Posted: August 16th, 2010, 1:02 pm
by stephmcgee
Maybe this isn't the right place for it, but I'm new. How do y'all go about choosing a beta? I've recently asked a close writing friend to beta for me, and sent the ms to my brother for non-writerly feedback.

But I've never reached the beta stage before this and I'm worried. I don't know if my one beta is going to read beyond what I sent her as a test. But I don't know how else to find a beta. I've not shared much of my actual writing with others before and a lot of the writing friends I've made don't write in my genre.

Re: How do you pick a beta?

Posted: August 16th, 2010, 1:12 pm
by heather_hangs_it
What is your genre? Mind sharing?

And 'All Things Feedback' would be a good forum to check out for this particular issue.

~heather

Re: How do you pick a beta?

Posted: August 16th, 2010, 1:13 pm
by stephmcgee
The current book is contemporary/urban fantasy. (Adult, not YA.)

Re: How do you pick a beta?

Posted: August 16th, 2010, 1:45 pm
by dios4vida
Make sure it's someone that you trust - that's the most important thing. You need to have the kind of relationship where criticism won't hurt and you both know you can be brutally honest with each other.

Other qualities I think are important:

An interest in your genre (though it doesn't have to be their main interest, just enough so that they know what's cliched or trite)
Well-read
Good command of the English language
Committed to helping the ms be the best it can be, not to spare your feelings or make you feel good about yourself
Willing to put in the time and effort to really read it, so you aren't waiting forever for feedback while they make excuses

That's all I can think of right now, but there's a lot more.

Re: How do you pick a beta?

Posted: August 16th, 2010, 2:09 pm
by cheekychook
There's a thread on this site for people who are seeking a critique partner---you can post there and describe what you're looking for and what you're offering in return. Or you can read on this forum for a while and find a poster who seems to have either a similar style/viewpoint/genre to you then PM that person and ask if they're interested in swapping chapters. That's how I found my critique partner and she's amazing---don't know what I'd do without her! Good luck to you!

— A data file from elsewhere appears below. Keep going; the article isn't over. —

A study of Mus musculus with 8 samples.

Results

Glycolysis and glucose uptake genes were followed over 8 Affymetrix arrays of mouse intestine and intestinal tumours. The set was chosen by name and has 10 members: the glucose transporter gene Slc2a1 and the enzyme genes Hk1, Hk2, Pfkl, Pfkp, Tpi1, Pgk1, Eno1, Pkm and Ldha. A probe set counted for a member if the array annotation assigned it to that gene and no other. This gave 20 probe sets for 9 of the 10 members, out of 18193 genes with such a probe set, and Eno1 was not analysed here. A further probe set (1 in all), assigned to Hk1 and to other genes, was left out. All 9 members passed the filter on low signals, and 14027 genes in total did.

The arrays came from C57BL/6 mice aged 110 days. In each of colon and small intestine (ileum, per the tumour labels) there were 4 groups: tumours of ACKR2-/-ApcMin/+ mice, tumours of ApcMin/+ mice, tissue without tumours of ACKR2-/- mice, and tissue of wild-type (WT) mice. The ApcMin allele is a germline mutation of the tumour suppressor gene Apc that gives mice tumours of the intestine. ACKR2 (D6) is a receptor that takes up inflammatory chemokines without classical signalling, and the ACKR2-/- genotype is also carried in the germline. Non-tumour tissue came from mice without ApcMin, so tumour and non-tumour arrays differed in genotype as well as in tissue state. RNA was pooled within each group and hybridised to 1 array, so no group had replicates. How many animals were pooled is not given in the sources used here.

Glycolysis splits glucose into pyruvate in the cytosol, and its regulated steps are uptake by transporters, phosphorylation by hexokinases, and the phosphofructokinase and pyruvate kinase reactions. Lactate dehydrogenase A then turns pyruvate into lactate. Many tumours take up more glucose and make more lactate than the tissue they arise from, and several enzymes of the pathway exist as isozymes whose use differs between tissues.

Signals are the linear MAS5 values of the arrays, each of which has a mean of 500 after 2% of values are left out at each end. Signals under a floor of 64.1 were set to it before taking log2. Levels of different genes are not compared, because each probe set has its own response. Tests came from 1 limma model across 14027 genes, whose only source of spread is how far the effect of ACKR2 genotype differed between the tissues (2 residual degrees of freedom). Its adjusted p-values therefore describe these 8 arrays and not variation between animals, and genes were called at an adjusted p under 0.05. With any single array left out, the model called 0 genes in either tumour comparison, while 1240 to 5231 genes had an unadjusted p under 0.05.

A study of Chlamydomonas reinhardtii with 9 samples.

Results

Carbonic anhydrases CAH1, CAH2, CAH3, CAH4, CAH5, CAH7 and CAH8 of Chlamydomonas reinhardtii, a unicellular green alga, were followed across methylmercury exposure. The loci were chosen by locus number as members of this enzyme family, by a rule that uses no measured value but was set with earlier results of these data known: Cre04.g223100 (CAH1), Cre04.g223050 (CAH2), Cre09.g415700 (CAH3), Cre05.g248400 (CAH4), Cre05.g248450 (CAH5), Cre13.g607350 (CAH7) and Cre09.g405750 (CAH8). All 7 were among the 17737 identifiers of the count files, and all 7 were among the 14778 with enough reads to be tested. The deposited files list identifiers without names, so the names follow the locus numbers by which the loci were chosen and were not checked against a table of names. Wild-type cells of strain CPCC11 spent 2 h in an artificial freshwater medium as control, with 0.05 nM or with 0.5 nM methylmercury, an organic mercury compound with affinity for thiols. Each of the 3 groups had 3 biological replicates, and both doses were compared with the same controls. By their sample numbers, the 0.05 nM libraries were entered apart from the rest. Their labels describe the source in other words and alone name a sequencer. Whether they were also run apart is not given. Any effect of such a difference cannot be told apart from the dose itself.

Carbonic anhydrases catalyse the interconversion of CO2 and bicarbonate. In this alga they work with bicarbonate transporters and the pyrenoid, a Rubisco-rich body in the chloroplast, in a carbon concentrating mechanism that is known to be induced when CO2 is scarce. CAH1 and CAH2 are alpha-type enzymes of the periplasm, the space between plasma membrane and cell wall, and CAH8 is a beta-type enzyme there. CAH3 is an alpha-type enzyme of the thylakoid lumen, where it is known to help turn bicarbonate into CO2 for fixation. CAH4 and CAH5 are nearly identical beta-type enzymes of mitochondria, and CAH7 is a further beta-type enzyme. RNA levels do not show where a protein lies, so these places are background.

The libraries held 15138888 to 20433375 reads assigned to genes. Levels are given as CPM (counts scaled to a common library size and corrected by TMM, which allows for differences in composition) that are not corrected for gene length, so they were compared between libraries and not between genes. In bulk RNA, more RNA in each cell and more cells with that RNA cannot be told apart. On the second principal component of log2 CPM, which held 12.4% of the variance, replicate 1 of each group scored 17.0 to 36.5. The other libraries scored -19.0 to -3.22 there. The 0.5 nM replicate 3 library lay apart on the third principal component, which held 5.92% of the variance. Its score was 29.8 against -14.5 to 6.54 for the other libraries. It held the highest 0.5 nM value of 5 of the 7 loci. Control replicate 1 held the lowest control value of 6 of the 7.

Re: How do you pick a beta?

Posted: August 16th, 2010, 5:07 pm
by AnimaDictio
Go for someone intelligent, someone who actually reads books. A writer would be best, I think.

Re: How do you pick a beta?

Posted: August 24th, 2010, 10:16 am
by sierramcconnell
I come from the NaNo forums because that was one of the places I was first enticed to finally get over my fear of writing. They have a place specifically for finding betas. I don't recommend having someone close to you do it for you, because they're too invested in you. You'll get one of two responses:

1. "oh, it's wonderful"
2. CLAWS

Two was what I got, and what set up that fear of writing. It took years to get over because my friend ripped the heck out of my book. In retrospect, yes, it was a first draft and needed some work, but she was a critical beta. She gave me the what for on it and I trusted her, so I thought I was such a terrible writer I never again deserved to pick up a pen.

Find someone you can somewhat trust, but someone not emotionally invested in you. Someone who can give you honest feedback that you can share opinions with, but that you won't be afraid to talk to if you need to discuss something. Someone, that if you need to break with, you're not afraid of losing.

Re: How do you pick a beta?

Posted: August 24th, 2010, 8:26 pm
by karenbb
Close friends are good for one thing--staying close. In other words, they will have a very hard time giving you real feedback. I have close friends read my stuff all the time and many have learned to be critical but it's taken time. You need to find a critique partner and as cheekychook so adeptly pointed out, the NB forums are a great place to find someone. Find a person who writes in a similar genre (doesn't have to be exactly the same) and who is at a similar point with their WIP. I also think it's important to find someone who is up for the same amount of work as you are--if you're going to do ten pages a week, it's going to take a really long time to get through your book. My stupendous critique partner and I have been known to do 100 pages in a week because we both like to work a lot.

Once you find someone, you need to encourage them to be honest and then you have to get ready for the honesty. It stings the first few times but you build up a good callous and then it hardly hurts at all the fiftieth time. Seriously...you're never going to get better writing in a vacuum. You need to let people tear your stuff apart so you can put it back together. It's really hard, but think of it this way--if your book gets published, the whole world is going to be giving you feedback and you might not like much of it. Better get that out of the way now!

Lastly, be sure you reciprocate with your critique partner. Give them the same honesty they have given you--pay close attention to their work and help them make it the best it can be. When the relationship works, it's awesome.